The psychobiotic diet: modulating gut microbiota to reduce stress
A study published in Molecular Psychiatry reveals that a diet emphasizing foods with an effect on brain processes via gut microbiota may reduce perceived stress in just 4 weeks. Based on their results, the authors believe that nutritional approaches aimed at modulating gut microbiota may improve mental health.
About this article
Numerous scientific studies have highlighted the involvement of gut microbiota in brain processes, mental health, behavior and cognitive function. They have opened a door for psychobiotics, i.e. interventions that impact the brain by modulating gut microbiota. Prebiotics and probiotics have already shown promising results in animal and human studies. Moreover, it is known that diet plays a major role in the composition of gut microbiota and is thought be involved in certain mental disorders.
Most studies of gut microbiota-host interactions focus on the effect of supplementation with certain foods. An Irish team decided to measure the effect of a psychobiotic diet through a single-blind, randomized, controlled clinical study. Over 4 weeks, the impact of this diet on gut microbiota, mood and perceived stress was evaluated. The researchers enrolled 24 participants and 21 healthy adult controls (18-59 years of age). The first group was offered a diet that included whole grains (5 to 8 servings), fruits and vegetables high in prebiotics (6 to 8 servings of onions, lettuce, cabbage, apple, etc.), other vegetables (3 to 4 servings) and fermented foods (2 to 3 servings of sauerkraut, kefir or kombucha) each day. They were asked to reduce sweets, sodas and fast food. Participants also received general dietary advice: food pyramid, daily calorie recommendations according to sex, etc. The control subjects received only this dietary advice. Stress experienced by all subjects was self-assessed using Cohen’s Perceived Stress Scale (PSS) at inclusion and at the end of the study.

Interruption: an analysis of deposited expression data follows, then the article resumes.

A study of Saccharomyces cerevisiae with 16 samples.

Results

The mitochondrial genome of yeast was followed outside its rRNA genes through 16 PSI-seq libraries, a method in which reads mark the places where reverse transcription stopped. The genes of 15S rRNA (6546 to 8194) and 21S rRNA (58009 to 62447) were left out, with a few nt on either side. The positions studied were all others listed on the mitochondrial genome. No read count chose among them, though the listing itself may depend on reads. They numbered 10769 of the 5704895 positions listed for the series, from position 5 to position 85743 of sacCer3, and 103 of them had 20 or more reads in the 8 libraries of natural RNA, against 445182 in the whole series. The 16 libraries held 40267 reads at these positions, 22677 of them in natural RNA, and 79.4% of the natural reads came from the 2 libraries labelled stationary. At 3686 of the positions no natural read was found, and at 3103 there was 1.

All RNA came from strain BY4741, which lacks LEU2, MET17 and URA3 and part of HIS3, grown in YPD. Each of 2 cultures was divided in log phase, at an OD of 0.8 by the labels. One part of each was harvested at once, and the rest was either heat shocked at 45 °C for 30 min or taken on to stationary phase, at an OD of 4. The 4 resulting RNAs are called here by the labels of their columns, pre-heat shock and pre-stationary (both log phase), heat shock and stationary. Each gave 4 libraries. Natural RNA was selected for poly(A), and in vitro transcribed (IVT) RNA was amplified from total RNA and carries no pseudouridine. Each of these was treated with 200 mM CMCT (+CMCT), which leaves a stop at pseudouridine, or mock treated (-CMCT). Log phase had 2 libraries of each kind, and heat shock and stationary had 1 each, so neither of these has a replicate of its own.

A decrease in stress and changes in bacterial metabolic activity
At the end of the 4 weeks, both groups had benefited from the change in eating habits, with a decrease in perceived stress levels. However, this reduction was significant only in the psychobiotic diet group. In addition, the reduction in PSS score was correlated with the degree of adherence to the psychobiotic diet. Slight differences in the composition of the gut microbiota of the psychobiotic group compared to inclusion were observed (increase in Blautia wexlerae and B. obeum, decrease in Coprococcus comes, Dorea longicatena, Eubacterium rectale, Gemmiger formicilis and Bifidobacterium longum). However, metabolomic analysis revealed a significant change in 40 lipid metabolites in the psychobiotic diet group and not in the control group. This change could result from the reduced dietary fat intake associated with the psychobiotic diet, but may also suggest that gut microbiota influences mood by regulating lipid metabolism.
Results that will feed future nutritional recommendations?
According to the authors, the development of psychobiotic approaches that modulate the gut-brain axis offers possibilities for reducing stress and associated disorders. Larger studies must not only confirm the effect of such a diet on stress, but also clarify the underlying mechanisms and the role of gut microbiota in these benefits. Their results could give dietary interventions a bigger role in future nutritional recommendations for the prevention or treatment of mental disorders.